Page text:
At least some of the voter challenges at Lake Santeetlah will move forward this month. Cory Vaillancourt photo At least some of the voter challenges at Lake Santeetlah will move forward this month. Cory Vaillancourt photo

Weeks after a hearing by the Graham County Board of Elections found probable cause to suspect that eight individuals had submitted fraudulent voter registrations in the tiny municipality of Lake Santeetlah, eagle-eyed observers noted six of the voters accused have re-registered in other locations.

The late move might not be enough for them to escape accountability. 

In advance of the 2021 Lake Santeetlah Municipal Election, Dean Hutsell, his wife Linda and their four daughters all registered to vote  at Lake Santeetlah, all on the same day. 

The three-bedroom house they claimed as their residence had burnt down in 2019, was without a certificate of occupancy and had yet to be rebuilt at the time of their registration. 

All six Hutsells went on to vote in that Municipal Election, during which several incumbents including Mayor Jim Hager were swept off the Lake Santeetlah Town Council. The tiny municipality has few actual residents, but many seasonal inhabitants. Only 75 votes were cast in 2019, but almost 130 were cast in 2021. 

Diana Simon, an incumbent town council member who was reelected, filed registration challenges against the Hutsells as well as against John and Tina Emerson. Tina was one of three new people elected to the council. 


After subsequently voting in the May 17, 2022 Primary Election from Graham County, Dean and Linda changed their voter registrations from Lake Santeetlah back to where they’d been previously registered for decades, in Buncombe County. 

Records from the North Carolina State Board of Elections now show Dean, Linda and their daughters, Amelia, Kaylee and Savannah, have all registered at an address on Lambeth Walk in Buncombe County — the address at which Simon alleged the Hutsells have always lived.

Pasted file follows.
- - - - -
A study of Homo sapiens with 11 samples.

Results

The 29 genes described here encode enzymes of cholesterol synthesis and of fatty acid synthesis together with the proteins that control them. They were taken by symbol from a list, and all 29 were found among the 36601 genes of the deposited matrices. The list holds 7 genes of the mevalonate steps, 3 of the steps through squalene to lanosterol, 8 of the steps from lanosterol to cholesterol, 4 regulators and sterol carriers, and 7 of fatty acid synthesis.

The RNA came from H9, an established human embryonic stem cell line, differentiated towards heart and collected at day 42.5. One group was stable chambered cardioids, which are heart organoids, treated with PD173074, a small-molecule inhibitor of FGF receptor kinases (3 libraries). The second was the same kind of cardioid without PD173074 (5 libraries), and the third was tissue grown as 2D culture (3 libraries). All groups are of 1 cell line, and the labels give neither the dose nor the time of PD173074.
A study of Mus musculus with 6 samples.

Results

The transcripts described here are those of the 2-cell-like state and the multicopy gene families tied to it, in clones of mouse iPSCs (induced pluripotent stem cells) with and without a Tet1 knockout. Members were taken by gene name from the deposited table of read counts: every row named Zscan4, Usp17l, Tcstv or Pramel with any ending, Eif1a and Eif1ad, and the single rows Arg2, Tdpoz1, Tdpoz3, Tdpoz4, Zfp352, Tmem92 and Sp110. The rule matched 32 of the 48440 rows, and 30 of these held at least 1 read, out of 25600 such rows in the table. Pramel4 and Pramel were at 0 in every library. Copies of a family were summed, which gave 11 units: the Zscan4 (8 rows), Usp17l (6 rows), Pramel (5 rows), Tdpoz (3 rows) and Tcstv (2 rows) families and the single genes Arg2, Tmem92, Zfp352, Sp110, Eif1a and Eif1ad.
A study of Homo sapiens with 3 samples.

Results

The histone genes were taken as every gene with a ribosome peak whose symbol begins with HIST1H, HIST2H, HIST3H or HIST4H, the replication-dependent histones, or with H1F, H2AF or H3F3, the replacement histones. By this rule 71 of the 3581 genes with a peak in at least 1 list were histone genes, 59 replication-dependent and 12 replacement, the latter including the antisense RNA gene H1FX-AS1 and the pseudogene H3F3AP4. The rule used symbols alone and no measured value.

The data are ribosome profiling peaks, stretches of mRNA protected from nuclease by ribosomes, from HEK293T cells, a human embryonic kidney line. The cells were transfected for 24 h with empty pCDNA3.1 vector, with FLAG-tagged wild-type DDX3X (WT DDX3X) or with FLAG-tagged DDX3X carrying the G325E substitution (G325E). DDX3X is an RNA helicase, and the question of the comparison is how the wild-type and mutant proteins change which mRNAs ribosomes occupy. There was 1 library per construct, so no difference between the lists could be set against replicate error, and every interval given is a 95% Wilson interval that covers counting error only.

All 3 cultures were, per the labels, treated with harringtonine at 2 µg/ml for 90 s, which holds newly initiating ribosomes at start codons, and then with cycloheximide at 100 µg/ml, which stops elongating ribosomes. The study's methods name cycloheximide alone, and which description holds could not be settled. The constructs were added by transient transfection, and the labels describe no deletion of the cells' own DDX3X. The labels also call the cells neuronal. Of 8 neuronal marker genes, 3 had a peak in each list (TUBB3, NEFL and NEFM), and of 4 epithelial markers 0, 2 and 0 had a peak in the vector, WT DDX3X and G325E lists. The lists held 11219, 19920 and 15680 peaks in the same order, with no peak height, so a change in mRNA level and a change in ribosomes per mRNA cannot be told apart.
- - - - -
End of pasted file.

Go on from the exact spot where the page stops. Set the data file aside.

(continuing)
Olivia Hutsell is currently registered in Wake County, which is where her Facebook profile said she was living when she registered and voted from Lake Santeetlah. 

Despite allegedly providing false voter registrations, and then voting in one or more elections from the allegedly fraudulent addresses, the Hutsells’ current lack of registration could spell the end of the formal proceedings against them in Graham County. 

“If there is no registration to challenge, then the challenge proceeding would be moot,” said Patrick Gannon, Public Information Director for the North Carolina State Board of Elections. “If the county board confirmed this, the proper course would be to dismiss the challenge as moot.”

However, Gannon did say that the Hutsells may not yet be out of trouble, despite the registration swaps. 

“If there is evidence of a violation of election law, our investigations division will investigate and refer violations to the district attorney as warranted by the evidence,” he said. 

Given that much of that evidence was already presented by Asheville attorney John Noor on behalf of his client Simon, and accepted by the Graham County Board of Elections, the Hutsells may end up seeing further legal action taken against them. 

“We presented evidence at the preliminary hearing that the house burnt down, a new building is currently under construction and the board concluded that there was probable cause that they are not properly registered to vote,” Noor said. “We look forward to the state board of elections doing their job and investigating any violations of election law that may have occurred.”

Noor also said he’s prepared to move forward with the remaining challenges against John and Tina Emerson on Sept. 28.